Under the South Carolina Freedom of Information Act (SC FOIA), public records encompass all written materials generated by public entities, regardless of their physical format. This includes social media records.
“Public record” includes all books, papers, maps, photographs, cards, tapes, recordings, or other documentary materials regardless of physical form or characteristics prepared, owned, used, in the possession of, or retained by a public body.
“Public body” means any department of the State, a majority of directors or their representatives of departments within the executive branch of state government as outlined in Section 1-30-10, any state board, commission, agency, and authority, any public or governmental body or political subdivision of the State, including counties, municipalities, townships, school districts, and special purpose districts, or any organization, corporation, or agency supported in whole or in part by public funds or expending public funds, including committees, subcommittees, advisory committees, and the like of any such body by whatever name known, and includes any quasi-governmental body of the State and its political subdivisions, including, without limitation, bodies such as the South Carolina Public Service Authority and the South Carolina State Ports Authority.
The South Carolina Department of Archives and History provides recommendations on the retention of electronic records, which also includes information regarding the South Carolina Freedom of Information Act. This useful resource offers clear and easily comprehensible insights into the purpose and implementation of this legislation.
Visit this link to see South Carolina social media records.
Excerpts and highlights:
Page 2 – “Why do I need to organize my electronic records?”
“It is the law. SC FOIA defines a public record and states ‘includes all books, papers, maps, photographs, cards, tapes, recordings, or other documentary materials regardless of physical form or characteristics prepared, owned, used, in the possession of, or retained by a public body’.”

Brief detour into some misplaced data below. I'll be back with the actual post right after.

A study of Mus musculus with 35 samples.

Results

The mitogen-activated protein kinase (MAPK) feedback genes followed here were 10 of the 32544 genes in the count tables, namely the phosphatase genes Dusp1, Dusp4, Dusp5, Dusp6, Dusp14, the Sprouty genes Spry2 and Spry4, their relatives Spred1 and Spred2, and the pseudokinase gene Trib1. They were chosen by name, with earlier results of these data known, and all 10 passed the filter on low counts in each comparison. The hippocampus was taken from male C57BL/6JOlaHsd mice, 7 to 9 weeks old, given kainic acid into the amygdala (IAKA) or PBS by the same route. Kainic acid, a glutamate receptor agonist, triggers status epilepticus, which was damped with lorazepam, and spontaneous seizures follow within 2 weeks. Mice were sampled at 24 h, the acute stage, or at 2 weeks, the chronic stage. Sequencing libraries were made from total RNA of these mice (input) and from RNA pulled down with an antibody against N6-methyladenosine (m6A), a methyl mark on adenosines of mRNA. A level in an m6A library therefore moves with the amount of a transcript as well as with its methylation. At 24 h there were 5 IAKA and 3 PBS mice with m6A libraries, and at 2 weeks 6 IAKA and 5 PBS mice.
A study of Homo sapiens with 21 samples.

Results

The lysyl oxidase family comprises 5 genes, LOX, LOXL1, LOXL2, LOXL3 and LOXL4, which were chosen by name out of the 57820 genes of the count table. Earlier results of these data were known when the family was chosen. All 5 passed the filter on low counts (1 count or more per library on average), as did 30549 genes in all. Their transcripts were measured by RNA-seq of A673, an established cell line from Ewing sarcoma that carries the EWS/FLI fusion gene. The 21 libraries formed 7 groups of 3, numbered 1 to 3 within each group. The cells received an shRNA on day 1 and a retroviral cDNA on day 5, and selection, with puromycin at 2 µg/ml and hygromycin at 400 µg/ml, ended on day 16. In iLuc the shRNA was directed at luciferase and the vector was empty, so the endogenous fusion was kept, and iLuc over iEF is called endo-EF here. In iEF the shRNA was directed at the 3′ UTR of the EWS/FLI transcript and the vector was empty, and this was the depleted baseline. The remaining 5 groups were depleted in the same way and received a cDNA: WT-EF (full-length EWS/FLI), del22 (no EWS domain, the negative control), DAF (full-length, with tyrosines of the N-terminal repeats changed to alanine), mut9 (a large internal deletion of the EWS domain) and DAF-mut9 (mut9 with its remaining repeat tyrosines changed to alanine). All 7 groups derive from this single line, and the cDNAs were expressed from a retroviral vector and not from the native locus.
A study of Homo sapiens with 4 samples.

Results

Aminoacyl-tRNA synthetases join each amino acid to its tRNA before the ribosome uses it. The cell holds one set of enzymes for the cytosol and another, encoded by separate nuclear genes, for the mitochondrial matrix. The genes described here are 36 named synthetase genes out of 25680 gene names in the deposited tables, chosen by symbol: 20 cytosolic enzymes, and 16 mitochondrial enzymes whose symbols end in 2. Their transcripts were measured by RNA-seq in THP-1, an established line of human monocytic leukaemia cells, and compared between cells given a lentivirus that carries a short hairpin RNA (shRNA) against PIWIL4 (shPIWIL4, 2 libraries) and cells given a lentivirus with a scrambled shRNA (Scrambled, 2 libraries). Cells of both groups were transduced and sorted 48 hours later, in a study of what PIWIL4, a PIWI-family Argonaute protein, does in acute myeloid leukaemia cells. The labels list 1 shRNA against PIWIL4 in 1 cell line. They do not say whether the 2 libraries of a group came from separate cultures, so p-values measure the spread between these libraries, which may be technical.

Page 11 – Records that are ‘born digital’ require the same organization and retention as physical records or records that were ‘born physical’ and then digitized.
Page 15 – Social media is viewed in the same light as email. Facebook and Twitter are platforms, not records management areas. If public records are produced on those platforms, they will have retention requirements.
Page 21 – “What retention schedule best describes agency social media accounts?”
The City of Greenville makes it clear on their Facebook page that comments may be removed for reasons specified in their policy. While not explicitly mentioned in the policy, it is recommended to retain records of deleted posts to safeguard the city from potential claims of First Amendment violations that may arise from the removal of comments.
We welcome your comments on the City of Greenville’s Facebook Pages, Twitter account and other social media outlets.
The purpose of these sites is to present matters of public interest in Greenville to our many residents, businesses and visitors. Here you’ll find the latest City news, including City-related special events, programs and services. We encourage you to submit your questions, comments, and concerns, but please note this is a moderated online discussion site and not a public forum.
Once posted, the City reserves the right to delete submissions that contain vulgar language, personal attacks, or disparaging comments of any kind, or offensive comments that target or disparage any ethnic, racial, or religious group. Further, the City also reserves the right to delete comments that are:
Please note that the comments expressed on this site do not reflect the opinions and position of the Greenville city government or its council members and employees. If you have any questions concerning the operation of this online moderated discussion site, please contact the Public Information and Events Department at email@example.com.